Dogs are like family, so it’s common to see four-legged friends splashing and swimming with their humans on a hot summer’s day. But should you let your dog swim in your pool?
It’s a more significant consideration than you might think.
There’s no doubt most dogs love to swim (and they’re quite good at it!), but preferences aside, there are some bigger concerns you should address first:
Contrary to popular belief, not all dogs naturally know how to swim. Puppies and older dogs might not have the muscle strength to stay afloat on their own, which puts them at risk of drowning. The same goes for breeds with short noses and legs, such as bulldogs, dachshunds, and pugs.
There’s also the risk of your dog not feeling comfortable in the water and panicking to get out. This may cause your dog to take in chlorinated pool water or salt water (neither of which is advisable) or cause injury to others. There’s also a certain level of risk if you don’t have easy-to-access stairs to get out of the pool.
Ideally, you will work with your dog to get them used to the water and comfortable swimming before allowing them to swim with others. This can take some time, so don’t try to rush the process.
Dogs can cause extra wear and tear on your pool, resulting in large expenses you might not be prepared for. For starters, one dog is equal to several people in the pool (up to 25-50 people in some studies). Also, their toenails could easily puncture a hole in your pool’s vinyl liner, which could set you back thousands of dollars in liner replacement, installation, and water. A cement-lined or fiberglass-lined pool is more dog-friendly and isn’t at risk of damage from their nails.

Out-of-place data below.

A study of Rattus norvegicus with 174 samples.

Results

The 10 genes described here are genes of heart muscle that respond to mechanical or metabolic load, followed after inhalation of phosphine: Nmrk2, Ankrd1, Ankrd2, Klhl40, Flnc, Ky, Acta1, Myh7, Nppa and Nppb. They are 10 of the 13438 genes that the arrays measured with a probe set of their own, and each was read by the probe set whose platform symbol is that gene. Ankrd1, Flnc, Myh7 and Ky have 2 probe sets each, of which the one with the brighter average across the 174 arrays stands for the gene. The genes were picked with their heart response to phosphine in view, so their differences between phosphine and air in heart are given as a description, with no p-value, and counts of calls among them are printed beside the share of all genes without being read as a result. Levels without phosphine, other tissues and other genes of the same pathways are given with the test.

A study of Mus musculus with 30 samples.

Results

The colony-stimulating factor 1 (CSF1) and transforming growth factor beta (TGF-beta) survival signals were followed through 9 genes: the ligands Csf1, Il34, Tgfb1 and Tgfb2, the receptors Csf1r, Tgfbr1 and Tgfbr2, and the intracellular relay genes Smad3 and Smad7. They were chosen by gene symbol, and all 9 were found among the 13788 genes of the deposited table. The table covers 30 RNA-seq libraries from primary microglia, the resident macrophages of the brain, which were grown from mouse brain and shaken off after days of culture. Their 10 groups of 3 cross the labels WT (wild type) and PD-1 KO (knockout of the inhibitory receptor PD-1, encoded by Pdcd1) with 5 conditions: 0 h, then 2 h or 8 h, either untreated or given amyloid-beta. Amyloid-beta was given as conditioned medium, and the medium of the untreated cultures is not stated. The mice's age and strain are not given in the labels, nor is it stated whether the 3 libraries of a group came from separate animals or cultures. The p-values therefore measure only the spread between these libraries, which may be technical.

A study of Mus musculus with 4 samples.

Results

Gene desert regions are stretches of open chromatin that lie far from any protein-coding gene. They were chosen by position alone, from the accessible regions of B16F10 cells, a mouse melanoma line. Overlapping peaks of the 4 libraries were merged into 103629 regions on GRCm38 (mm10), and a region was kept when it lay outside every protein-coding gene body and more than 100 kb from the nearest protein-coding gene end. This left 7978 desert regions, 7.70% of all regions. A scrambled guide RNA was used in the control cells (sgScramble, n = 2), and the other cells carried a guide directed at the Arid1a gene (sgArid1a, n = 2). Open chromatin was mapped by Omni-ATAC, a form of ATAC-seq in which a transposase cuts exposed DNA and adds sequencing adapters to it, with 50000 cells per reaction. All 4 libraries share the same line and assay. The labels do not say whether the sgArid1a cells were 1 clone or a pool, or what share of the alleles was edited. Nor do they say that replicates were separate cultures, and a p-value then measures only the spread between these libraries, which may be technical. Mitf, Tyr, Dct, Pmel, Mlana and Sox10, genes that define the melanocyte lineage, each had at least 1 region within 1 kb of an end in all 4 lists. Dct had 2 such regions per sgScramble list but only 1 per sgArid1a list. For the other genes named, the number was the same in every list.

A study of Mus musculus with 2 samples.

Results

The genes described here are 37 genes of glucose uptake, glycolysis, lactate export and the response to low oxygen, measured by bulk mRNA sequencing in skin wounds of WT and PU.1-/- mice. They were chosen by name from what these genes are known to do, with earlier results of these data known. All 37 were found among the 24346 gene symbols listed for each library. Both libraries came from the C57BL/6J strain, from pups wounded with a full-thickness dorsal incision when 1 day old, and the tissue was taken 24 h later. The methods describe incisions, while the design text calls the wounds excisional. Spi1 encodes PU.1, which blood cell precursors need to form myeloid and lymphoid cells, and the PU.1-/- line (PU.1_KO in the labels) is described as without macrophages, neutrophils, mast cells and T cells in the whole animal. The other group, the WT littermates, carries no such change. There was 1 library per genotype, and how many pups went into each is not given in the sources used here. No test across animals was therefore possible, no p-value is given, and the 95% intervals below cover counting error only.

If you have pool toys, such as foam noodles or plastic pool floats, your dog may also try to join in the fun. But these items aren’t made for dogs and are best kept away from your canine companions, so they don’t risk ingesting any plastic foam.
There’s also the risk of dog hair clogging up your filtration system. Dogs will shed fur while they’re swimming, which will end up in your skimmer and pool filter. Dog hair is finer and harder to manage than leaves or other debris and could cause problems more quickly.
Bottom Line: Should I Let My Dog Swim in My Pool?
Swimming provides a ton of benefits to your dog, particularly in keeping them active and healthy. Plus, a dip in the water is a great way to chase away the heat during the dog days of summer.
A better alternative to your pool is a small kiddie pool they can call their own. They’re deep enough to cool them down, yet shallow enough for even small dogs to enjoy without the risk of drowning.
Of course, the choice is ultimately up to the pool owner (you), but at least you can make an informed decision for your dog — and your pool investment.
Want more pool care tips? Head back to our blog.